Scale is Key to Ending Slavery and Promoting Access to Justice

With tens of millions of individuals victimized by traffickers and slaveholders, the world urgently needs solutions that can be effectively and efficiently implemented at-scale in a wide variety of situations. I was happy to see that many of my colleagues in India’s human rights community were eager to hear how the Free the Slaves Community […]
October 10, 2018

With tens of millions of individuals victimized by traffickers and slaveholders, the world urgently needs solutions that can be effectively and efficiently implemented at-scale in a wide variety of situations.

I was happy to see that many of my colleagues in India’s human rights community were eager to hear how the Free the Slaves Community Liberation Initiative is designed to meet this global challenge.

I had the privilege of being a keynote speaker during my recent trip to India at a seminar on “Modern Slavery and Access to Justice” hosted by the New Delhi based Institute of Social Sciences. The institute, founded in 1985, is a prestigious policy analysis and research organization. Motivated by the urgency of intertwining participatory democracy with development, the institute’s research, advocacy, seminars, workshops and monitoring of government policies have received considerable acclaim nationally and internationally. I had the honor of being welcomed and introduced by Dr. George Mathew, the institute’s founder and chair.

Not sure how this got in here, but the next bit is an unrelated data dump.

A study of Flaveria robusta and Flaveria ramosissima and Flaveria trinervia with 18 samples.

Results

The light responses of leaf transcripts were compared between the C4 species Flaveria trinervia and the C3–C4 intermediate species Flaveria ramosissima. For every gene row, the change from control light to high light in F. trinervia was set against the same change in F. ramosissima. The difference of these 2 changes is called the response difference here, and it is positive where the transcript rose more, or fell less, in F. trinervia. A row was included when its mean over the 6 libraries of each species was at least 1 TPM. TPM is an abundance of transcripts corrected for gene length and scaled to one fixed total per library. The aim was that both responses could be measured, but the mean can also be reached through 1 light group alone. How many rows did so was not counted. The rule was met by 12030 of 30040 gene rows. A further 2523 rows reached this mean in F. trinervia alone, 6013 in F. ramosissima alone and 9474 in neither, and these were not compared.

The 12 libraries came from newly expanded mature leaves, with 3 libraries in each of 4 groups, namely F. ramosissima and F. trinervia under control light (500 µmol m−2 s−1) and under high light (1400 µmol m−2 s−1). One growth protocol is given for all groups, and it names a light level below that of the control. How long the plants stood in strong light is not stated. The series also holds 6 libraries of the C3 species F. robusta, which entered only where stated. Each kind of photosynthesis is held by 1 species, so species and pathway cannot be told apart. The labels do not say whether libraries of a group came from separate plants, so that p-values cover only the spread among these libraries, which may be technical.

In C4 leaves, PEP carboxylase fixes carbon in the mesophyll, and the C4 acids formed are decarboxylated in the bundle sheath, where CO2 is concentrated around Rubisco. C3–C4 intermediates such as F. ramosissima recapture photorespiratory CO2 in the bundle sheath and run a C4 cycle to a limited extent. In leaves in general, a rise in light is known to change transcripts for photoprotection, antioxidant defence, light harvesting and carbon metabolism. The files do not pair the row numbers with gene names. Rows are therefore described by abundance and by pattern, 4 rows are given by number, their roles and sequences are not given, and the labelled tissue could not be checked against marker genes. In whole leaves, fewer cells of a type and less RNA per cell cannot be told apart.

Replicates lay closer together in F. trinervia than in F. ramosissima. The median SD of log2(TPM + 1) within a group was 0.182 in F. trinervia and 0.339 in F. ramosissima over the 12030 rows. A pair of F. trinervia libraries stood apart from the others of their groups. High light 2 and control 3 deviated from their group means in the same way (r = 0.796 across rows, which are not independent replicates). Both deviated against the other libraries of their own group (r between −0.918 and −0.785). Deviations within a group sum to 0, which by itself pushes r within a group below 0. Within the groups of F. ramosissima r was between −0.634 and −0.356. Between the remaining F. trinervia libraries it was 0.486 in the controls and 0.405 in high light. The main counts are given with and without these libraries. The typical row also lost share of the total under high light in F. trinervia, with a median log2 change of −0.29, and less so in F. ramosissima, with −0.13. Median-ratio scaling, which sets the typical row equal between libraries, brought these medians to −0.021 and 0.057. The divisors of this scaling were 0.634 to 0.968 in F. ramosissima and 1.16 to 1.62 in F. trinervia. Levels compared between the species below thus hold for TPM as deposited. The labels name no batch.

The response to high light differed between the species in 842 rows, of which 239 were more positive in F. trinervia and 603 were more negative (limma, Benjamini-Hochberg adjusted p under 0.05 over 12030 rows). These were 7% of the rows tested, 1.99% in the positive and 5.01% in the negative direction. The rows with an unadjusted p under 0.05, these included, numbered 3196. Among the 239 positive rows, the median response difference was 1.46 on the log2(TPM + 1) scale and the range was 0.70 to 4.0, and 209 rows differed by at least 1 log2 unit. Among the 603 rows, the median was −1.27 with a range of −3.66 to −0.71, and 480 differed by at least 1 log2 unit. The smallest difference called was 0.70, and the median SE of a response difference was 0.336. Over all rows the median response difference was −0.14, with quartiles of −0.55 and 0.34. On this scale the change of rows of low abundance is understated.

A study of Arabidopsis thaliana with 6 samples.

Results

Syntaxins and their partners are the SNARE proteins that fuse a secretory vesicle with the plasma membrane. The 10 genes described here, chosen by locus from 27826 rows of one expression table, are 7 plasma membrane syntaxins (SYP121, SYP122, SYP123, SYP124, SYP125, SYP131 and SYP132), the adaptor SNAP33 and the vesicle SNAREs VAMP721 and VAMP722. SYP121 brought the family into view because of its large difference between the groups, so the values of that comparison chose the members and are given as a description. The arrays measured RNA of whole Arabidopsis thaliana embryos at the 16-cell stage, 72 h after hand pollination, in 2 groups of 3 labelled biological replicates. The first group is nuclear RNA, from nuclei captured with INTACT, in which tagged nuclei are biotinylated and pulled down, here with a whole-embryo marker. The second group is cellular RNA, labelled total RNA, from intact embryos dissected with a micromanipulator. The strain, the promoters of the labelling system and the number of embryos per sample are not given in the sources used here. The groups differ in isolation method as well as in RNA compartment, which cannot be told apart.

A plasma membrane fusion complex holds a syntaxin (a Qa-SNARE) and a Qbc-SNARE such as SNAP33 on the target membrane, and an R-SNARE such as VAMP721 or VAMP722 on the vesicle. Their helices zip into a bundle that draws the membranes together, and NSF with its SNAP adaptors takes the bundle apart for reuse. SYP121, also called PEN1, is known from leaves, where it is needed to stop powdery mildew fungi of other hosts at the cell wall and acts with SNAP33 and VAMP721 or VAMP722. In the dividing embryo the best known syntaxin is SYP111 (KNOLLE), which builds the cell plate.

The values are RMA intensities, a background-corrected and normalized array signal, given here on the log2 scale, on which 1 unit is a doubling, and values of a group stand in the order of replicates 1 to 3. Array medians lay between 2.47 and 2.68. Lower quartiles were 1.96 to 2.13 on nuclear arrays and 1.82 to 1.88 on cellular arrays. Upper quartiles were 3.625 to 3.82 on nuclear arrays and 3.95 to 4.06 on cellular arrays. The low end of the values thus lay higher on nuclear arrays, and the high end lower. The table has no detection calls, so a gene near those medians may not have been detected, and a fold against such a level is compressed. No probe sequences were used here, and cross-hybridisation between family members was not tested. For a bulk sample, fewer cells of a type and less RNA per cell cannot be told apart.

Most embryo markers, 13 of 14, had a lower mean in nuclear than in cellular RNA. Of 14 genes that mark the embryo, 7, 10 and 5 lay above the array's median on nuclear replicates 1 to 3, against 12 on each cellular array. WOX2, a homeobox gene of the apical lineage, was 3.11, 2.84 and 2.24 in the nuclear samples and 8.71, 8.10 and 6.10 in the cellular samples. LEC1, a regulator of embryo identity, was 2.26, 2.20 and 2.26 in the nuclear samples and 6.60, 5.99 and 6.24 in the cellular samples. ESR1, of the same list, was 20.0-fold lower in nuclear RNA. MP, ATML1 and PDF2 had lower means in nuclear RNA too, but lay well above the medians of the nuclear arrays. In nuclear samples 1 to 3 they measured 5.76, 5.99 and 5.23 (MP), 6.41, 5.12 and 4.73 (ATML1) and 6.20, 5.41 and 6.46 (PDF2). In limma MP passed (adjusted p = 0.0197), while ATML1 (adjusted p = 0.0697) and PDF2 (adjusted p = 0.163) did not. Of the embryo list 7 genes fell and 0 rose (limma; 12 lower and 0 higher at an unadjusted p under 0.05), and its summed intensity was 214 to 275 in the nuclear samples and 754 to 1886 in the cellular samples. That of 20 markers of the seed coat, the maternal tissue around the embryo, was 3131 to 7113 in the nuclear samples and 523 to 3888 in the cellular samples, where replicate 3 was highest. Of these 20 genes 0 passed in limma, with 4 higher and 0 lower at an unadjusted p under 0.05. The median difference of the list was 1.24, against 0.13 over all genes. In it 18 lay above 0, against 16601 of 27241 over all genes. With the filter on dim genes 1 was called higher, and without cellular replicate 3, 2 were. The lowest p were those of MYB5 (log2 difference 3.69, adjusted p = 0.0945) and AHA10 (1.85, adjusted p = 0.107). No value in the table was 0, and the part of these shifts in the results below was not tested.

The seminar was attended by 45 representatives of organizations engaged in the fight against human trafficking in India. This allowed for a rich and well-informed discussion of the most important issues, including the opportunities and barriers to advancing the struggle against bonded labor and sexual slavery in India. Other speakers included representatives of the National Human Rights Commission, UNWOMEN, International Justice Mission, South Asia Human Rights Documentation Center, MSEMVS and the Pathy Foundation. My Asia-based FTS colleagues – James Aputharaj Williams, John Whan Yoon, Kim Misao, Tsering Diskit – also participated in the seminar. It was gratifying to be in an assembly of highly dedicated and skilled professionals pursuing a shared goal.

My remarks were focused on outlining and meeting the major challenges facing the anti-slavery movement. While considerable progress has been made in defining strategies for fighting slavery, I argued that the anti-slavery movement must now focus on bringing solutions to scale, preventing displacement of slaves from one sector or place to another, and sustaining and growing the political support needed for the long term.

I presented the Free the Slaves Community Liberation Initiative as a strategy for success. The initiative is aimed at achieving scale through high-impact partnerships that integrate anti-slavery interventions into the substantial infrastructure created by major international development organizations and agencies. The holistic approach in the Free the Slaves Community Liberation Model eradicates all forms of slavery in a community by getting at the root causes that yield multiple forms of extreme exploitation. Coalition-building through partnership with other nonprofits and businesses, which is intrinsic to our initiative, is the path to sustaining and growing government support.

I look forward to continued collaboration with the Institute of Social Sciences.